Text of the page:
By Eric Jay Toll for The Arizona Builder’s Exchange
“When was the last time you were in Metrocenter?”
That is today’s answer to comments about the north Phoenix mall. Since Carlyle Development Group acquired the property earlier this year, a lot has been happening in the public spotlight. It’s what’s going on in the management office that is going to gild the mall’s future.
“We’re at 70 percent occupancy,” says Brent Meszaros, Metrocenter’s general manager. “Our goal is to get and keep our retailers.”
Short-Term Goals: Acquire Anchor Spaces, Lease up Vacancies
Getting and keeping is at the forefront of the short-term goals. With two empty anchors—combined with Sears second highest grossing Arizona property—Metrocenter has a foundation that is getting much more than fresh cosmetics. Carlyle is in the process of acquiring ownership of the two empty boxes.
“We have a letter of interest for 150K SF,” says Carlyle’s Chief Operating Officer Warren Fink, “which will bring in an active, aggressive anchor store in one of the locations.” Interest in the mall’s future potential is positive and high.
Like many older malls, mall ownership did not include the anchor stores. Dillards, Macy’s and Sears own their locations. Macy’s just completed a $500K interior renovation. Dillards still uses only one story as an outlet. The old Broadway is under contract with Carlyle and negotiations continue to acquire the J.C. Penney location.
Despite Westcor’s multi-million physical renovation adding skylights and brightening the interior, Metrocenter languished with its dated reputation. Fink sees renaissance by creating vibrancy at Metrocenter. “We want to leverage the transit center (in the southwest parking lot off Dunlap) and connect it to the food court. We have a lot here from which we can build.”
Long-Term Vision: Develop Mixed Use Towers Around Retail Core
Building is in the forefront of Carlyle’s mind as Butler Design Group and attorney Paul Gilbert collaborate on a planned unit development (PUD) application to transform Metrocenter from mall to multiple use. The vision includes an office complex, an in-mall medical clinic and a residential tower—likely to be active adult-oriented and age-restricted.
It’s going to take some months to get the PUD application in front of the city. The challenge is crafting flexibility into the application to be able to respond to changing market needs. “We want to be ready to jump on opportunities,” Meszaros says.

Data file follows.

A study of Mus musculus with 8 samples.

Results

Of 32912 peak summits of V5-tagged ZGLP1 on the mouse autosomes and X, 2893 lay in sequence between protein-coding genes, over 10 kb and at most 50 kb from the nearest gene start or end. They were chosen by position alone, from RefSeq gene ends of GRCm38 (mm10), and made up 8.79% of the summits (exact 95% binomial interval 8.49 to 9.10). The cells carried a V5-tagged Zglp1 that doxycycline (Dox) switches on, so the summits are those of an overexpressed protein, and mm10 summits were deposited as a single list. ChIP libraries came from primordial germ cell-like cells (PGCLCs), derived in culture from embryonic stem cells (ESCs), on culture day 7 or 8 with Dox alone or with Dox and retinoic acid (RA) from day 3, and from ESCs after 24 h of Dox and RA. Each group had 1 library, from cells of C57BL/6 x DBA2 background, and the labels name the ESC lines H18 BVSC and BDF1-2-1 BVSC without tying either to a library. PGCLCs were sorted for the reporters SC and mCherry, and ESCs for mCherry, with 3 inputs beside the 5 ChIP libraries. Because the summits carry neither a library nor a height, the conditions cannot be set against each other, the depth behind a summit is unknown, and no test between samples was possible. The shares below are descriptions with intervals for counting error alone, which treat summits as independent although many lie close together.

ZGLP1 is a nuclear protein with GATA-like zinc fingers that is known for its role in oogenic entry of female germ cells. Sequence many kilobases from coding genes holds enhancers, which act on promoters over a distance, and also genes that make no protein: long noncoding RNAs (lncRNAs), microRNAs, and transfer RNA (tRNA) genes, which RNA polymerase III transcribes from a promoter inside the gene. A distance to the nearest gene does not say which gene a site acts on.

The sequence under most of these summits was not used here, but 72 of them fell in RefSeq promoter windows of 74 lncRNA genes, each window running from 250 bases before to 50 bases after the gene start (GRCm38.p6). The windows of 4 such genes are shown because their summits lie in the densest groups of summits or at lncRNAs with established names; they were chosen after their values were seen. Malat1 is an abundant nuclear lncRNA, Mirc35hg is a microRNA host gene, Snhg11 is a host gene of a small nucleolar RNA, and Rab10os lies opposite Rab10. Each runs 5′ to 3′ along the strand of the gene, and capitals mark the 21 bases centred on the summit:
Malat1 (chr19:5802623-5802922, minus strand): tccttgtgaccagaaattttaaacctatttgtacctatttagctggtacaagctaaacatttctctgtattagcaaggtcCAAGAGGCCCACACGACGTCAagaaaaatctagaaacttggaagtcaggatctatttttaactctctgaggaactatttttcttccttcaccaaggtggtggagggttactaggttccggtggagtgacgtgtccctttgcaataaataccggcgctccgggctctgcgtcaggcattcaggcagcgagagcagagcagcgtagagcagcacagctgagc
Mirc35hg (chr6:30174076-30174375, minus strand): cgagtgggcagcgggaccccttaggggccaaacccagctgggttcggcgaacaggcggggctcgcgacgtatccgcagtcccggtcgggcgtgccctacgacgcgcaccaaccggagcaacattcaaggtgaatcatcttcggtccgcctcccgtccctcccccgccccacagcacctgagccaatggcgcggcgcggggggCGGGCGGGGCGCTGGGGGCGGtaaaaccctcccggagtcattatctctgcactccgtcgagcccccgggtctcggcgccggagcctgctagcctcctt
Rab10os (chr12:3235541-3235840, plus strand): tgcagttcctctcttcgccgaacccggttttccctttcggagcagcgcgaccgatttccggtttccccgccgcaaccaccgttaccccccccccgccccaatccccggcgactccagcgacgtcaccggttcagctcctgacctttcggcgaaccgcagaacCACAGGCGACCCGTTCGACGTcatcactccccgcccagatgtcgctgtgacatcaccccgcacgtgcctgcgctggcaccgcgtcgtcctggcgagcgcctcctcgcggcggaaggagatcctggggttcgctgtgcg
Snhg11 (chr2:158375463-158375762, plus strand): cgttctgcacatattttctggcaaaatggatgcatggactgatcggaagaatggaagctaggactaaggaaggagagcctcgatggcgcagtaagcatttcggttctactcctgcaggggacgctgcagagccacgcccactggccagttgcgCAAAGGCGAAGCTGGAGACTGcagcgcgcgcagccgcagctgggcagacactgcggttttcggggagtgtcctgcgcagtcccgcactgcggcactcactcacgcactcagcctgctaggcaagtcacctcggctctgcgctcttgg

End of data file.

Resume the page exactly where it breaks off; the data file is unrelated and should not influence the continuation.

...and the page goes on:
Phoenix planning officials say that core areas like Metrocenter are high density development targets. The PUD proposal is consistent with the city’s general plan for the North Mountain Village.
“This is going to take time, but we see Phoenix as a growing market and Metrocenter as a major investment,” he explains. To that end, Metrocenter is actively involved with both the area’s Metro Business Alliance and the neighboring North Mountain Business Alliance.
“We’re in advanced discussions with prospects right now,” he says. “We’re also making a concentrated effort to be part of the city and create a civic center environment. We want to be ingrained with the community and the city.”
“There’s a lot with which we create synergy,” Fink adds. Smaller projects are adding up to big returns. Family restaurants will complement the food court – the first to soon be announced – near the Harkins Theater complex on the southwest side of the mall.
From the larger perspective, Carlyle Development Group is open to venture partners for the PUD development. “We’ve got the land, and that makes strong joint venture prospects for the medical clinic, the multi-family housing, or office complex,” comments Fink. “We believe it’s going to be at least a year before we can break ground on this part of the complex.”
As Metrocenter’s renaissance continues, hopes are that the adjoining mostly empty strip malls and high-vacancy office complexes will benefit from the synergy and begin to fill once again.